RYPT Blog

You're quitting already? 5-step plan to boost your February retention

Posted by RYPT Team on 30-Jan-2020 21:00:00
RYPT Team


There’s no doubt about it, January is a very unique and fruitful month for the fitness industry as people full of good intentions for the year ahead flock to gyms. The statistics tell the story...

 

  • 3 out of 5 New Years Resolutions are fitness-related,
  • 12% of new sign-ups happen in January; and,
  • Gym attendances increase by 6%

 

However, a lot of the positive lifestyle changes people make in January are unfortunately undone very soon after as the statistics also show, with 80% of January sign-ups quitting within the first 5 months.

 

The beginning of February could well signal the beginning of the end if you look at the data. Foursquare did, and they observed that the second Saturday in February is the day gym attendance returns to normal levels, as do takeaway sales, which experienced a slump in the month of January.

 

This is an annual trend but doesn’t have to be the way. With some planning and simple strategies, you should be able to retain a lot more of these new members than is traditionally the case.

 

So now that you know this, what can you do to prevent the February drop-off and boost member retention you say? Well the answer is, focus on your members at this important first hurdle, and give them the support they need to get over it. Here's a five step plan to help you:

 

1 / Build relationships with them

Gyms are no longer about selling memberships and walking away, hoping that your members will keep paying. If you’re truly committed to retaining your members, then building relationships with them is a critical part of doing so.

 

Achieving your fitness goals doesn’t happen overnight. Member’s fitness journeys are long-term and are full of setbacks along the way, so they’ll need support.

 

You and your staff should be focused on providing that support but your members won’t come to you for support if they don’t know you. Meaning you don't get the opportunity to help them. That’s why building a relationship with your members is so important, and is proven to greatly increase retention.

 

"Before you try to fix a guy’s squat, learn his name"

Ramsey Nijem

 

2 / Help them with goal-setting

Although it’s very common amongst coaches, goal-setting is not something that your average person has been taught how to do, and as a result, people set unrealistic goals and then get frustrated by their lack of progress - one of the main reasons people quit the gym. That, or they just don’t set goals at all!

 

This can be very easily addressed however, by offering your members a free goal-setting session. Using the SMART goal setting technique you can quickly define a clear and achievable goal to give your members some much-needed focus.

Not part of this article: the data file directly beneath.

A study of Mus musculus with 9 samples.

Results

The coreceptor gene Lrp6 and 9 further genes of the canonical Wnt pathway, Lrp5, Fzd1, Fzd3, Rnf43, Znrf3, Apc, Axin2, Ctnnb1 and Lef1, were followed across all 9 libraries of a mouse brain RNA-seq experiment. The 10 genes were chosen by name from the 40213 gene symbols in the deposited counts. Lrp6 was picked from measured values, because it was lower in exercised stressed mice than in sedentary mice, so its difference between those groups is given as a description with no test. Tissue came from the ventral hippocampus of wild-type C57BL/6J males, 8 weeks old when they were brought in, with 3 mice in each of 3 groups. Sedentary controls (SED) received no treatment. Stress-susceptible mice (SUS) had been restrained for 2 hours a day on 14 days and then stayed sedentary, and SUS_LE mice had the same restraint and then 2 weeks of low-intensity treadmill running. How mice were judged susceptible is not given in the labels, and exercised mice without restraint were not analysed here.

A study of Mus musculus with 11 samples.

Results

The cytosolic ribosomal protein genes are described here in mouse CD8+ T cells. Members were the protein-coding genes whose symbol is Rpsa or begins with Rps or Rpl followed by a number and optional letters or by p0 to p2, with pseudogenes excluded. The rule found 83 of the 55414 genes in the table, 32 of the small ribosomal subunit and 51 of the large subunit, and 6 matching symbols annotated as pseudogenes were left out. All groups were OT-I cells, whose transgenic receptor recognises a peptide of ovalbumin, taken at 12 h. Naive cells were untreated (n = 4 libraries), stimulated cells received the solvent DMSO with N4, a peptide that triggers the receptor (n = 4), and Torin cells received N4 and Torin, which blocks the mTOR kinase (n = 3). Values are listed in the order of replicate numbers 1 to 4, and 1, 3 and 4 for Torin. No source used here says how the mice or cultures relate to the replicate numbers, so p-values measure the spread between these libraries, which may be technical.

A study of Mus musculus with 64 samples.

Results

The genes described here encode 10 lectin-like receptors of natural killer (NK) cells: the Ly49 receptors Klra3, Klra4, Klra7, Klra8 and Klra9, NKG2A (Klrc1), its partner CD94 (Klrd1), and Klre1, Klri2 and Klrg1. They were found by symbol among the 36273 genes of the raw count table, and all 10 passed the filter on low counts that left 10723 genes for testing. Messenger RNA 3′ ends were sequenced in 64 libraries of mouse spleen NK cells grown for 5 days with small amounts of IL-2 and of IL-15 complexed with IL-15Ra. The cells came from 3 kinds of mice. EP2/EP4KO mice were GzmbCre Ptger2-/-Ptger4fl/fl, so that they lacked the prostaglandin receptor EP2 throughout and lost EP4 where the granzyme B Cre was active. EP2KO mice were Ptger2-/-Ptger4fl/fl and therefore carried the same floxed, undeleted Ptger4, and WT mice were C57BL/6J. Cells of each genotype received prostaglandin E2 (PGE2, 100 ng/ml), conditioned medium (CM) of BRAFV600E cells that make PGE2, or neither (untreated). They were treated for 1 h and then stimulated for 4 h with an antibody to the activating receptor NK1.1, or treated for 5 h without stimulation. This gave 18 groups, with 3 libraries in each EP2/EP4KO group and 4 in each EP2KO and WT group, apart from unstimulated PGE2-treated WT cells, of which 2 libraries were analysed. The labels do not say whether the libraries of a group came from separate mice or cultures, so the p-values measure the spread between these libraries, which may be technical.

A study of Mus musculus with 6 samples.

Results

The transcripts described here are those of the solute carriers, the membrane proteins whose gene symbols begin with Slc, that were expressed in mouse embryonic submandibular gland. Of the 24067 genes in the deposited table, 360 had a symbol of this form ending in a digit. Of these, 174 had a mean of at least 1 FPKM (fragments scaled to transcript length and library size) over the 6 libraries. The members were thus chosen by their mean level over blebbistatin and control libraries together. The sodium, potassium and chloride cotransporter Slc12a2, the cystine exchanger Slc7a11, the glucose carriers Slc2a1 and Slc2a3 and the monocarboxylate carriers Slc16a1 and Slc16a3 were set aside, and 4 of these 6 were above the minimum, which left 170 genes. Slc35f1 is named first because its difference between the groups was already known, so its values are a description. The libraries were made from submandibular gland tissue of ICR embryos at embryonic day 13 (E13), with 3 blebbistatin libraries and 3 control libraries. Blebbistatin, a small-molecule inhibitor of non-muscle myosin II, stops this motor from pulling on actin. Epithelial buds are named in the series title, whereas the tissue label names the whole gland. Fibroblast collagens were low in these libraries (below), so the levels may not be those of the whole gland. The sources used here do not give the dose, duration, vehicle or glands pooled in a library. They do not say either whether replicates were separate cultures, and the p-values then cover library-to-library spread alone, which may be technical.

3 / Help them craft a plan

Having a well-defined goal is really only step one. Next, you need to help them craft a plan to achieve that goal.

 

Every member is different, so this can take many forms and only you will know what is suitable for each individual. Some will really enjoy the community aspect of group exercise, some may require greater attention and be interested in personal training, some will prefer an individualized program that they can follow in their own time.

 

The key is to identify what works best for the individual and provide the guidance that they need to put an actionable plan in place that will help them achieve their goal.

 

4 / Hold them accountable

The majority of members who are not held accountable for achieving their goals will give up.

 

If you have no one to answer to, it’s very easy to skip the gym after a hard day’s work. However, the simple fact of knowing that someone is going to ask you if you went will motivate you to get it done.

 

The American Society of Training and Development (ASTD) did a study on accountability and found that you have a 65% chance of completing a goal if you commit to someone. And if you have a specific accountability appointment with a person you’ve committed, you will increase your chance of success by up to 95%

 

So set-up those regular member check-ins or use software to help monitor compliance and progress.

 

5 / Measure their progress

As mentioned previously, one of the main reasons people quit the gym is because they get frustrated by their lack of progress. Now that set a SMART goal with them, however, it should be possible to measure their progress and clearly show them the results of their hard work.

 

Software can take the pain out of the process of collecting data from members, analyzing it, and visualizing their progress so you can keep them motivated and focused on achieving their goal.

 

Conclusion

After the traditional highs of January, February can see a reduction in gym attendance as people slip back to their previous bad habits. For some this drop-off leads to memberships being cancelled over the coming months and a considerable amount of lost revenue for gyms.

 

But it doesn't need to be this way. You can achieve great results by simply supporting your members at this time, helping them put realistic goals in place, and a plan to achieve them. Then holding them accountable for putting the plan into action and measuring their progress along the way.